Respiratory diseases represent a serious threat to health in both the young and old. Viruses and bacteria that cause these diseases enter the body through the mucosal surfaces of the nose, lungs and gastrointestinal tract. A vaccine that provides protection against initial infection would be very advantageous. Classical vaccines are normally administered by injection but they do not provide protection in terms of preventing invasion. In contrast, a mucosal vaccine that is administered to the site(s) of pathogen ingress can provide good long term protection.
Mucosal vaccines achieve this effect by the induction of a secretary antibody (IgA) that interacts and neutralises the invading antigen (pathogen). Moreover, inoculation at one mucosal site can provide protection at other distant mucosal sites through the Common Mucosal Pathway. Mucosal vaccines also have the advantage that they can be easily administered and do not require injection.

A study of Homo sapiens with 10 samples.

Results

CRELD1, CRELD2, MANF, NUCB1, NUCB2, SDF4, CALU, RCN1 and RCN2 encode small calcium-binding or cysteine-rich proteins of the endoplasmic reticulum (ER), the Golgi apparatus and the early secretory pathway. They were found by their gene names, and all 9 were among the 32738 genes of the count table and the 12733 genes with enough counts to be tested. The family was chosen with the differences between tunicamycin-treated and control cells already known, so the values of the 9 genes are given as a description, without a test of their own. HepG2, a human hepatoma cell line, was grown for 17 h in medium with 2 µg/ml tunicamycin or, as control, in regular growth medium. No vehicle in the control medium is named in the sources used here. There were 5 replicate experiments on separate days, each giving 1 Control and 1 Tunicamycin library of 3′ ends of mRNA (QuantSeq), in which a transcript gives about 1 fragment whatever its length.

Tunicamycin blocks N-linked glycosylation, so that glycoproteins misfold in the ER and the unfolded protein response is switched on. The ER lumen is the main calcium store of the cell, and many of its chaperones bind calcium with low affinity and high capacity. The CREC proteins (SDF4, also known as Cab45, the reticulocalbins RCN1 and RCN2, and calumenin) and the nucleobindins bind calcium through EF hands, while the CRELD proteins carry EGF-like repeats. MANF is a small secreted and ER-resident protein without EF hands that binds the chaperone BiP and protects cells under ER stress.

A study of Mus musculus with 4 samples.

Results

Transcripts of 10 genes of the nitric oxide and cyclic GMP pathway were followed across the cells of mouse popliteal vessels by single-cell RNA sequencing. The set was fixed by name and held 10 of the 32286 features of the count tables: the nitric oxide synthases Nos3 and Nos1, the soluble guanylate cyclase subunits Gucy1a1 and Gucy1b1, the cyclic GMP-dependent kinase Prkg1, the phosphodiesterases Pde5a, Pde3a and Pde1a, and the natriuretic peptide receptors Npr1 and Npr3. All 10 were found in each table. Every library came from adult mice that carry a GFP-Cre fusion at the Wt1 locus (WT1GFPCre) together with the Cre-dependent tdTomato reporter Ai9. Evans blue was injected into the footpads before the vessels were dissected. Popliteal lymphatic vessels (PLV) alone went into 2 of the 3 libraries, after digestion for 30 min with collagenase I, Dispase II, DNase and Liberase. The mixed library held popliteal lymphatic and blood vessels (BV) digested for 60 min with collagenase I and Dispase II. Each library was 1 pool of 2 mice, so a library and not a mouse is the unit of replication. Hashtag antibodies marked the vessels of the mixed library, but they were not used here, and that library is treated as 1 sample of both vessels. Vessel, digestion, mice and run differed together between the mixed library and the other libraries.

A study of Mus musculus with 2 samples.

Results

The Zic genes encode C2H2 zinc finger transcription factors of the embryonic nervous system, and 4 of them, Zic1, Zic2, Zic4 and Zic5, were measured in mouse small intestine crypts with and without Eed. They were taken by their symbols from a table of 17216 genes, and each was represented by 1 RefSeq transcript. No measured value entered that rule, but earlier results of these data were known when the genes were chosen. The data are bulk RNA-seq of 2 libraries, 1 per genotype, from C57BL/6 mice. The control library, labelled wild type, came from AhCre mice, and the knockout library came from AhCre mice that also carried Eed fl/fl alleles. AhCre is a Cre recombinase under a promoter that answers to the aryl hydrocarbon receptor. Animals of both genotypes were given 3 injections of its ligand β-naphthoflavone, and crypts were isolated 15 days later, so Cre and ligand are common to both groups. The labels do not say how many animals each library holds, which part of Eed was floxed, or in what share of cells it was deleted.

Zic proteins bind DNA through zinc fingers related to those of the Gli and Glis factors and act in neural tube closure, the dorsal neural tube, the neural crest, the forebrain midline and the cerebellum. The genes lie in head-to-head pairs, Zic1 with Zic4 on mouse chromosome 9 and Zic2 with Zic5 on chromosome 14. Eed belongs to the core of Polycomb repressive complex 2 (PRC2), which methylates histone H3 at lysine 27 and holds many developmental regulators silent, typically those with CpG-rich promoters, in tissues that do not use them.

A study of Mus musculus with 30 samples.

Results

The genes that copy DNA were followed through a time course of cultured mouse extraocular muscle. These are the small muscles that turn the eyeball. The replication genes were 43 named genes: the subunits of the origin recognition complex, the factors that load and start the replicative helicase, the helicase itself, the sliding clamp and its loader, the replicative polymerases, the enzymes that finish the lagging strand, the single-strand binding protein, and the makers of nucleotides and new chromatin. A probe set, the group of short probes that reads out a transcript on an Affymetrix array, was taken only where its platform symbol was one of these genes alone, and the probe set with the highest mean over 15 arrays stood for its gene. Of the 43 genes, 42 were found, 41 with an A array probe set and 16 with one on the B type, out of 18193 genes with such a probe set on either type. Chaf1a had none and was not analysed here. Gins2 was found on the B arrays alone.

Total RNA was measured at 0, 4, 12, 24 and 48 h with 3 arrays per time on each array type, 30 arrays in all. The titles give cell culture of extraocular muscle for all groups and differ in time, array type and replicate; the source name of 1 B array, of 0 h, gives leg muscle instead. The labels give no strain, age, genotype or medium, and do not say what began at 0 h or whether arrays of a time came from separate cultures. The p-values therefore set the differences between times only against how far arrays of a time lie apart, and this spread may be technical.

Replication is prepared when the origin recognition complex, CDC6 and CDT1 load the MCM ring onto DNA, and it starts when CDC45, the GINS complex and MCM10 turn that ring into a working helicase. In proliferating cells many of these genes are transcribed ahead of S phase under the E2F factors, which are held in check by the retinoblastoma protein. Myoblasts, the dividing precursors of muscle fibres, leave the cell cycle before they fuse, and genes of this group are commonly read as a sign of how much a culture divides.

As a spin off from a programme on the nasal administration of biotechnology products in the form of peptide and protein drugs, West Pharmaceutical Services has discovered that some of its proprietary nasal delivery systems for drugs could also be appropriate for the delivery of mucosal vaccines. Diphtheria, caused by the organism Corynebacterium diphtheriae was chosen as the target disease. The project aimed to validate the nasal vaccines system before being optimised and scaled up for testing in human trials.
A new non-injectable mucosal vaccine for the prophylaxis of diphtheria cough could have enormous potential in both social and financial terms. The existing diphtheria toxoid vaccine is associated with certain side effects and does not induce mucosal immunoglobulin A (IgA) antibodies to diphtheria that are usually detected following the disease and maybe provide long-lived immunity. A nasal vaccine that induced potent local respiratory response would be advantageous. The fact that it could be administered easily into the nasal cavity of children would be especially advantageous in the developing world where injections are still associated with problems of carrying the risk of spreading infections.